What impact does gymnastics have on your joints and bones?

Gymnastic exercises develop your physical agility and coordination. These can improve your bone, muscle and cognitive health. In addition, these types of exercises target all muscle groups for total-body strength and flexibility. Gymnastics also fights metabolic and immune disorders by lowering blood pressure and releasing antioxidant enzymes in your body.

Gymnasts perform acrobatic leaps, flips, turns, balances and more on a special piece of equipment.

The equipment usually includes uneven bars, balancing beams, horizontal and parallel bars, rings, and vaulting or pommel horses.

Gymnastics can be very beneficial for your overall fitness and health.

Improved flexibility

Gymnasts are more flexible than your average person. Their ligaments, tendons, muscles and joints are stronger. This is because the bends and twists they do alleviate muscle and joint stiffness.

Improved bone health

Gymnastic exercises can improve your bone health and strength. Gymnasts have increased lumbar support, bone mineral density and tissue mass because of the intense physical training gymnastics requires.

While gymnastics can improve your bone health and the flexibility of your joints, it also comes with a lot of risks of getting injured. Some injuries include:

Wrist Sprains

Your wrists are subjected to extreme forces when doing gymnastics. This is why it is easy for your wrists to get injured. It can be because of too much weight, or when your form is incorrect when landing on your wrists.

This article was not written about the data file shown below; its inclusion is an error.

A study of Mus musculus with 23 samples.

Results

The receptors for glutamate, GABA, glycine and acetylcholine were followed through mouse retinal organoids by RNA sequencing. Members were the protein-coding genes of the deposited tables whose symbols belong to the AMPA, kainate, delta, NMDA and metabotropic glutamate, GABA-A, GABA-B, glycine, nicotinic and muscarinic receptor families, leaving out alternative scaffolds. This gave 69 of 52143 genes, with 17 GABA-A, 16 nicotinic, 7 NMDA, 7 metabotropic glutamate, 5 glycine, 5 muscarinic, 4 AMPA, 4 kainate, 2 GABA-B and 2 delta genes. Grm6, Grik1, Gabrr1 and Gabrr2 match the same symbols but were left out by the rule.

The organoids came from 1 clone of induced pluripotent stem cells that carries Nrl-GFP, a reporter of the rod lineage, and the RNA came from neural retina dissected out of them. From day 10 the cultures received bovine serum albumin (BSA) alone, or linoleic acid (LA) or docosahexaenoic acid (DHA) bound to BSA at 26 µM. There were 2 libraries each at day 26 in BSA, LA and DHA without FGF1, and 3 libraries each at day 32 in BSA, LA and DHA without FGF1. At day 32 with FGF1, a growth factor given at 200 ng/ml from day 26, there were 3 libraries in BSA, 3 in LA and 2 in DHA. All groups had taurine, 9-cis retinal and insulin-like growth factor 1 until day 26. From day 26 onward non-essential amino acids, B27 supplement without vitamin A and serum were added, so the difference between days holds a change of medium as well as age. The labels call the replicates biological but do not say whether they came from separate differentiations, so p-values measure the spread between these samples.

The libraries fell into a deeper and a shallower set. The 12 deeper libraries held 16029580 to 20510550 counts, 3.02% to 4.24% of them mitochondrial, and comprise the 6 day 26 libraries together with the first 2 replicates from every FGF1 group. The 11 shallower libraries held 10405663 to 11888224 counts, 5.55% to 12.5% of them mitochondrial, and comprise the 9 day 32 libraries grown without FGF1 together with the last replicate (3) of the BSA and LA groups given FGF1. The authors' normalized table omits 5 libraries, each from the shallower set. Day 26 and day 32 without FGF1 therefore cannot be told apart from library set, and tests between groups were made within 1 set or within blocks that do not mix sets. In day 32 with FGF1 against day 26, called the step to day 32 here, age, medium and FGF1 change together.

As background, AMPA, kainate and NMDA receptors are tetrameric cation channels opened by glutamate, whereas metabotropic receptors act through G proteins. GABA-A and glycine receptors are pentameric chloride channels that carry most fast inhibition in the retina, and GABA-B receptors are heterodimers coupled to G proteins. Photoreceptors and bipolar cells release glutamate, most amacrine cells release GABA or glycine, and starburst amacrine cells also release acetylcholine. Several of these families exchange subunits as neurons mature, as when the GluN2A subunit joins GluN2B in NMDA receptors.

While tumbling, dismounting or vaulting during gymnastic exercises, landing without the right form can result in ACL injuries. When landing, you hear or feel a “pop” of your knee. This is usually because the knee joint has dislocated out of its socket. It is usually followed by severe pain and swelling.

Knee injuries can be the make or break any gymnast’s career. You often hear of athletes having to retire because of knee injuries. So it’s very important that, once you’ve dislocated your knee, you take the correct amount of time to recover.

Achilles tendon injury

Your Achilles is one of the most vulnerable tendons in your body. It is responsible for your body’s propulsion and power when jumping and running. It also has to support your entire body’s weight while protecting your ankles.

Jumping activities during gymnastics can place a lot of stress on your Achilles tendon. Whether it is too much stress or simply landing wrong after a jump, your Achilles can be easily injured.

Foot and ankle injuries

Your ankles are one of the smallest joints in your body, yet it is responsible for supporting your entire body’s weight. Landing wrong after a jump can cause you to sprain your ankles.

Serious sprains can cause swelling, bruising and tenderness. Minor sprains usually include tenderness and a little bit of swelling.

Like your knee, it is very important to give your ankle the right amount of time to recover after an injury.

While gymnastic exercises can be beneficial for your joints’ flexibility and your bones’ health, the high-impact exercises that make up gymnastics can place a lot of stress on your joints and bones. It only takes one wrong landing to dislocate or sprain joints as well as one wrong fall to instantly break a bone.